The History of Oktoberfest & Where to Celebrate LocallyOct 13, 2021 03:33PM ● By Virginia Dean
With its origins in Germany in 1810, Oktoberfest is an annual festival in Munich, held over a two-week period and ending on the first Sunday in October. The festival began as a celebration of the marriage of the crown prince of Bavaria, who later became King Ludwig I, to Princess Therese von Sachsen-Hildburghausen on October 12. The citizens of Munich were invited to attend the festivities held on the fields in front of the city gates to celebrate the happy, royal event. The fields were then named Theresienwiese (Theresa’s fields) in honor of the Crown Princess. Horse races in the presence of the rohal family marked to close of the event that was celebrated as a festival for the whole of Bavaria.
The decision to repeat the horse races in the following year gave rise to the tradition of the Oktoberfest. An added feature to the horse racing was the first agricultural show designed to boost Bavarian agriculture. The horse races, which were the oldest and at one time most popular event of the festival, are no longer held today. But the agricultural show is still held every three years during the Oktoberfest on the southern part of the festival grounds.
By 1818, the first carousel and two swings were set up. Visitors were able to quench their thirst at small beer stands, which grew rapidly in number. In 1896, the beer stands were replaced by the first beer tents and halls, which enterprising landlords set up with the backing of breweries. The rest of the festival site was taken up by a funfair. The range of carousels and fun rides started increasing rapidly in the 1870s as Germany's fairground trade continued to grow and develop.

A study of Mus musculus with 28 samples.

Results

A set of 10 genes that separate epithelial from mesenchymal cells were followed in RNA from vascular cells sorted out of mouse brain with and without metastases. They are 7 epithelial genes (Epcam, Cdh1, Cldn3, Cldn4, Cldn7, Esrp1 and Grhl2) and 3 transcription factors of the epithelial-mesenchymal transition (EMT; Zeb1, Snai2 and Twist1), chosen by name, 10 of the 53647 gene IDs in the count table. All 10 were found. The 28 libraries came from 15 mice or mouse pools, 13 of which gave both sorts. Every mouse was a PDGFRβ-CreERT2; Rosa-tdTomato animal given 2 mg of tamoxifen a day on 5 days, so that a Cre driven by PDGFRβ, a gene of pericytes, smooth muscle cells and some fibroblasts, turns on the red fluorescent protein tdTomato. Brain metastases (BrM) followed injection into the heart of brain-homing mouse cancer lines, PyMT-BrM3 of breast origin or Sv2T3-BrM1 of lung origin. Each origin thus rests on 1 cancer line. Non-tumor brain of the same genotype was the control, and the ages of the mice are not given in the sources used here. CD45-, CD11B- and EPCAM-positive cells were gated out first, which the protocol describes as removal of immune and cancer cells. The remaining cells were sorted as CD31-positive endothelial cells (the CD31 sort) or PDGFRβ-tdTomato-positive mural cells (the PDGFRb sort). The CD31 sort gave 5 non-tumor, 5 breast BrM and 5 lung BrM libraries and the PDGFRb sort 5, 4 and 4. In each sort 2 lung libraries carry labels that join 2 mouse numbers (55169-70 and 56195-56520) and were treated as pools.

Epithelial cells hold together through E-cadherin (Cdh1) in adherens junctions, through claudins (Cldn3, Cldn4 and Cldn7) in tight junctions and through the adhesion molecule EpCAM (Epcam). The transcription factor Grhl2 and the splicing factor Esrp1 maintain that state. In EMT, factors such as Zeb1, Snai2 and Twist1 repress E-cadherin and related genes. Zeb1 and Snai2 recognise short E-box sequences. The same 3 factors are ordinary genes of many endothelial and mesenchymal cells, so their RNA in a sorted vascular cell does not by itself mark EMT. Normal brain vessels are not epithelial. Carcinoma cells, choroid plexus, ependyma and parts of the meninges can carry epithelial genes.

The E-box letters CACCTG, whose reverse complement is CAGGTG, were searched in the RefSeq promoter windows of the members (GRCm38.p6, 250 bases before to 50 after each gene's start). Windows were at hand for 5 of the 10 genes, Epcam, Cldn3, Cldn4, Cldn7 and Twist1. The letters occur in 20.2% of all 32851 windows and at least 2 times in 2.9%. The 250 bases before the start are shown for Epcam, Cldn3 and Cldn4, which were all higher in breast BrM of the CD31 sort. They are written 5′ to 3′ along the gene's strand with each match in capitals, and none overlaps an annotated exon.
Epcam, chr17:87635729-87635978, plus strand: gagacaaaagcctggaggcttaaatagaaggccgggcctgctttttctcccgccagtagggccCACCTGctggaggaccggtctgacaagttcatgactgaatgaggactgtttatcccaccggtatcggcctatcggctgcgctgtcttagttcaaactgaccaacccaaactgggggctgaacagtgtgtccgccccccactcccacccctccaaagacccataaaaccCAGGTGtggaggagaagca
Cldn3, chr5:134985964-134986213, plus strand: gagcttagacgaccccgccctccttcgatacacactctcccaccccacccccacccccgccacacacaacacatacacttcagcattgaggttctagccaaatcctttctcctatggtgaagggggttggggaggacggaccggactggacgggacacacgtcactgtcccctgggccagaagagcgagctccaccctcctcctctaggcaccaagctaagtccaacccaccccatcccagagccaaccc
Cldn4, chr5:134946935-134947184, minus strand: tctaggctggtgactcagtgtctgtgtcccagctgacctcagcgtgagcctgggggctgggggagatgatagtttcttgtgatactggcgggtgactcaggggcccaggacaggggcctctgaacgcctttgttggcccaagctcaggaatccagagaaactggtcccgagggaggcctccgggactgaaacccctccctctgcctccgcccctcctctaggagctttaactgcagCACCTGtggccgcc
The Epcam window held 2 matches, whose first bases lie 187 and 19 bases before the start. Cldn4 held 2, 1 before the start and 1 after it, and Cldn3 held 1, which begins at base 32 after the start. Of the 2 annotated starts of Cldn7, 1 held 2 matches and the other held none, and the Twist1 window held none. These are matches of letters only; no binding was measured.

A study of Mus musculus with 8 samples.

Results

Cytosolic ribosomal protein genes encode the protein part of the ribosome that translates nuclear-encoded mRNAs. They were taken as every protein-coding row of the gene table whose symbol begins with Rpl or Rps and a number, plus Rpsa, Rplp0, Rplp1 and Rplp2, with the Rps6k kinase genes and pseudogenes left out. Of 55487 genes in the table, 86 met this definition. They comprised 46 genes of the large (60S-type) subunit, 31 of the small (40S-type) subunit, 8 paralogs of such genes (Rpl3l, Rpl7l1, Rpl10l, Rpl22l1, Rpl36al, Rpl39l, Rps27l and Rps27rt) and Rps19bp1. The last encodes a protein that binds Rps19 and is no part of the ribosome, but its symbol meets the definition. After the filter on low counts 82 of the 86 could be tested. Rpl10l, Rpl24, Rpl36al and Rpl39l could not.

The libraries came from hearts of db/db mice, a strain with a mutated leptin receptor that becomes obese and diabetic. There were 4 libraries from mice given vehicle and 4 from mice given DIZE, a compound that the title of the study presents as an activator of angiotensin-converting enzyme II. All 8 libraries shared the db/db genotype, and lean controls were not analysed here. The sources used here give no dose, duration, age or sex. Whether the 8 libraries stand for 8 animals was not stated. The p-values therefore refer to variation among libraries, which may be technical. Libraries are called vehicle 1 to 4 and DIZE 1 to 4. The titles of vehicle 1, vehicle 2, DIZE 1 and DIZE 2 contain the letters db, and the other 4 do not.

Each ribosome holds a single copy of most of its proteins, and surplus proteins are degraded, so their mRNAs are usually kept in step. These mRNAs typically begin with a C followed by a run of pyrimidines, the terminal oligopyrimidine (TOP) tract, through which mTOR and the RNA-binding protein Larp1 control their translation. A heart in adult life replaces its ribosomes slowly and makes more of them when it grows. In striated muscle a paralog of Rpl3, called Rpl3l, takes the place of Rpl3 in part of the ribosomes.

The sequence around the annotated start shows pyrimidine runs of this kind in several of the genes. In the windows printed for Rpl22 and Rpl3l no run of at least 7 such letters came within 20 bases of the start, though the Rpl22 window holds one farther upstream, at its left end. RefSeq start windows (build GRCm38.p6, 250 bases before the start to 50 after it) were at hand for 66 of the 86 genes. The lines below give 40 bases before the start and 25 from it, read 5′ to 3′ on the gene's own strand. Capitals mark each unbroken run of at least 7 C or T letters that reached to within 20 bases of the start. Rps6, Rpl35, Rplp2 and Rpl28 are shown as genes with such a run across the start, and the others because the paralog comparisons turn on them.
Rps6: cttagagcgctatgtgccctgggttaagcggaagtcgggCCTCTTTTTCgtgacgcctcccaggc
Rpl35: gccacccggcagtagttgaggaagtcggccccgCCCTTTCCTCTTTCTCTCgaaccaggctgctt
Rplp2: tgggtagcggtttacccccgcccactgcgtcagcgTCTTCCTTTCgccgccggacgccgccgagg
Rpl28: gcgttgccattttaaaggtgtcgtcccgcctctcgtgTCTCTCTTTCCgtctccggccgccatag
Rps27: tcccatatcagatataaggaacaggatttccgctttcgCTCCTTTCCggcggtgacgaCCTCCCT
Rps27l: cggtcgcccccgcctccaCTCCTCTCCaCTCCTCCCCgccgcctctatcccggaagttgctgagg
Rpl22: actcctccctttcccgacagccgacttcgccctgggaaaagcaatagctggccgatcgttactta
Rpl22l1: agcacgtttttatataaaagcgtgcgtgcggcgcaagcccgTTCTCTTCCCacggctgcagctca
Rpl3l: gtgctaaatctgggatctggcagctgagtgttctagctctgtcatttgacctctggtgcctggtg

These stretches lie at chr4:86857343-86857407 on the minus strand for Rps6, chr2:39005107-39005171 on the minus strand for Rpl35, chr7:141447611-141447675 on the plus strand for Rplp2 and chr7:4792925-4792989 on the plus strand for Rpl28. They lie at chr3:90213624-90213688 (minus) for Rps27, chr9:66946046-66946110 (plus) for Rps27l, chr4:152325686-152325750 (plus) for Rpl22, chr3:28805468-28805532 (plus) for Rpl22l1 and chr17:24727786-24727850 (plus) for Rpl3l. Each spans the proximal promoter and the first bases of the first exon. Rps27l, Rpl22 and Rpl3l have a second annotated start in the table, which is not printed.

By the late 20th century, the booths originally set up to serve food and drink at a combined state agricultural fair had developed into large beer halls made of plywood with interior balconies and bandstands. Today, each of the Munich brewers sets up one of the temporary structures, and the mayor of Munich taps the first keg to open the festival, which began on September 18 and ended on October 2, 2021. The breweries are also represented in parades that featured beer wagons and floats along with people in folk costumes. Other entertainment included games, amusement rides, music, and dancing.
[Please Note: This year’s Oktoberfest was canceled to help prevent the spread of COVID. The Oktoberfest 2022 is scheduled from September 17 to October 3, 2022. This will be the 187th Oktoberfest in Germany.]
Modeled on the original in Munich, many cities and towns in the U.S. hold Oktoberfests featuring German beer and food. They are an attempt to reproduce the Bavarian sense of gemutlichkeit or cordiality.
For example, in Woodstock, VT, the name has been changed to Oktoberfest to celebrate the season of riding with the Woodstock Inn & Resort from October 12-13. With a Downhill Race on the 12th at the Suicide Six Bike Park and an Enduro Event featuring timed sections on the 13th at the Mt. Peg Network, this event had something for everyone. Awards and food followed at the Suicide Six Bike Park on Saturday and Sunday.
At Mt. Snow in VT, the event was not just for the adults. With kid games, pumpkin painting, and the famous “schnitzel toss,” it was for everyone. Located in West Dover, the Mount Snow Oktoberfest had plenty of beer, schnitzel, and Oom-pah music and two days of fun for the whole family. A Columbus Day weekend tradition since 1997, this Oktoberfest is one of Mt. Snow’s signature festivals and was named a 2016 Top 10 Fall Event by the Vermont Chamber of Commerce.
There are approximately 100,000 people with German heritage in New Hampshire. Closest to the Upper Valley on the NH side, a taste of the Bavarian Alps at Loon Mountain during White Mountain Oktoberfest is available with the region’s largest celebration of German food, drink, and music. The two-day festival, which took place this past weekend. An Oompah band provided the soundtrack to a stein-hoisting contest, keg toss, and children’s activities.